Wind socks such as this one are often used on airports. They show the direction of the wind. They can also show how strong the wind is.

Wind is the flow of gases. On Earth, wind is mostly the movement of air. In outer space, solar wind is the movement of gases or particles from the sun through space. The strongest winds seen on a planet in our solar system are on Neptune and Saturn.

Short bursts of fast winds are called gusts. Strong winds that go on for about one minute are called squalls. Winds that go on for a long time are called many different things, such as breeze, gale, hurricane, and typhoon.

Wind can move land, especially in deserts. Cold wind can sometimes have a bad effect on livestock. Wind also affects animals' food stores, their hunting and the way they protect themselves.

Sunlight drives the Earth's atmospheric circulation. The resulting winds blow over land and sea, producing weather.

If there is a high pressure system (that rotates clockwise in the northern hemisphere) near a low pressure system (that rotates counter-clockwise), the air will move from the high pressure to the low pressure to try and even out the pressures. A big difference in pressure can make high winds. In some storms, such as hurricanes, typhoons, cyclones, or tornadoes, the pressure differences can cause winds faster than 200 mph (320 kilometres per hour ). This can cause damage to houses and other buildings, and can also lead to death.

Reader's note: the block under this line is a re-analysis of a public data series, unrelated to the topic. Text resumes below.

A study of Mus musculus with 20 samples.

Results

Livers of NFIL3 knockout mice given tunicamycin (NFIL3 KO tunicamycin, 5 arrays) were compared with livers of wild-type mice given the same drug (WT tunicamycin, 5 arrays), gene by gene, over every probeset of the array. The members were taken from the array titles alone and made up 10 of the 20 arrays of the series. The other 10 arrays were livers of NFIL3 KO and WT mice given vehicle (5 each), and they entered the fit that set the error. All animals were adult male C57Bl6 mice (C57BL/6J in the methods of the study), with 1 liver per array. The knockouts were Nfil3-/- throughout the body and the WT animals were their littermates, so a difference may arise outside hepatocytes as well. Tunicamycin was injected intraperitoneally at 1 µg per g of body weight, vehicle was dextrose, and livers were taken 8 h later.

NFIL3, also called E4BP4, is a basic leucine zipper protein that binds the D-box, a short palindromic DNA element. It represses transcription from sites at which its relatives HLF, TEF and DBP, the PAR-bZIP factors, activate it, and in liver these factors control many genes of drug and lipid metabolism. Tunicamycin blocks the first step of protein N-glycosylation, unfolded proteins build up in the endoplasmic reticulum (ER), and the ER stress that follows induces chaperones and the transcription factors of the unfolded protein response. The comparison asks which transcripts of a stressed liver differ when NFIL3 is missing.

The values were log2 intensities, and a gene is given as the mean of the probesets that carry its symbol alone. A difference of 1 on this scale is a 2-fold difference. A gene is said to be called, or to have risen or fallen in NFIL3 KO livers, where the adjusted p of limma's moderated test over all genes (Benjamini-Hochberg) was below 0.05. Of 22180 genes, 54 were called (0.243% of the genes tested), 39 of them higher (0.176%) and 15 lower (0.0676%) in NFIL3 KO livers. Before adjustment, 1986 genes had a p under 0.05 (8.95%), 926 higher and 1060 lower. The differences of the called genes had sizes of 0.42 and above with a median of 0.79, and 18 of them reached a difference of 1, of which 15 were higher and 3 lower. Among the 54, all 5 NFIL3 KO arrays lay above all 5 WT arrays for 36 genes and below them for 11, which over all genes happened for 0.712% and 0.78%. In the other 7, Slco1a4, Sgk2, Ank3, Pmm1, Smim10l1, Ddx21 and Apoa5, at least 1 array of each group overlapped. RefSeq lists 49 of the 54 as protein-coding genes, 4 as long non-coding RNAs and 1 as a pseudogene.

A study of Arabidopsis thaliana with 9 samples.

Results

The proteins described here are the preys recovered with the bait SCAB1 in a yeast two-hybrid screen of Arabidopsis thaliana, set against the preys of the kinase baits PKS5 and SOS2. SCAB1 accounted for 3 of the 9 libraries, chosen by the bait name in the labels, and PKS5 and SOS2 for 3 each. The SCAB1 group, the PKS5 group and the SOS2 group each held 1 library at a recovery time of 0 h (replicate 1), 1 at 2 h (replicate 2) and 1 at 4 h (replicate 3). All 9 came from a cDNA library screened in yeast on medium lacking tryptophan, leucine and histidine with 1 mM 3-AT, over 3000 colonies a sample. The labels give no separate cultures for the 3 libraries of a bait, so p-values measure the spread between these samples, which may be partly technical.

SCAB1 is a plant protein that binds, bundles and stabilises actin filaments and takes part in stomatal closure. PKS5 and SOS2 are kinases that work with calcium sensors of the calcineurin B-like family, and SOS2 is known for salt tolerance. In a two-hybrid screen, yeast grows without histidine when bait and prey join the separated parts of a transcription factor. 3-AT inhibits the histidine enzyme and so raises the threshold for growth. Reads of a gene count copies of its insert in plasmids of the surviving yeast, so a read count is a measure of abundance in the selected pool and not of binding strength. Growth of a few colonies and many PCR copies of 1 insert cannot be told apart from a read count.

Wind can also be caused by the rising of hot air, or the falling of cool air. When hot air rises, it creates a low pressure underneath it, and air moves in to equalize the pressure. When cold air drops (because it is denser or heavier than warm air), it creates a high pressure, and flows out to even out the pressure with the low pressure around it.

The wind is usually invisible, but rain, dust, or snow can let you see how it is blowing. A weathervane can also show you where the wind is coming from. The Beaufort scale is a way to tell how strong the wind is. It is used at sea, when no land can be seen.

The increase in wind causes an increase in the rate of evaporation.


See also: Severe weather
Damage from Hurricane Andrew

High winds can cause damage depending on how strong they are. Sometimes gusts of wind can make poorly made bridges move or be destroyed, like the Tacoma Narrows Bridge in 1940.[1] Power can go out because of wind, even if its speed is as low as 23 knots (43 km/h). This is because tree branches could change the flow of energy through power lines.[2] No species of tree can resist hurricane-force winds, but trees with roots that are not very deep can be blown over more easily. Trees such as eucalyptus, sea hibiscus, and avocado are brittle (easy to break) and are damaged more easily.[3]

In outer space

Wind in outer space, called solar wind, is very different from a wind on earth. The wind in outer space is caused by the sun, and it is made up of particles that came out of the sun's atmosphere. Like solar wind, the planetary wind is made up of light gases that have come out of planets' atmospheres.

Planetary wind

The doldrums in January (blue) and July (red).

The doldrums are in the equatorial region. It is a wind belt where air is warm, with little pressure variations. Winds are light there. Another name for doldrums is Intertropical Convergence Zone (ITCZ).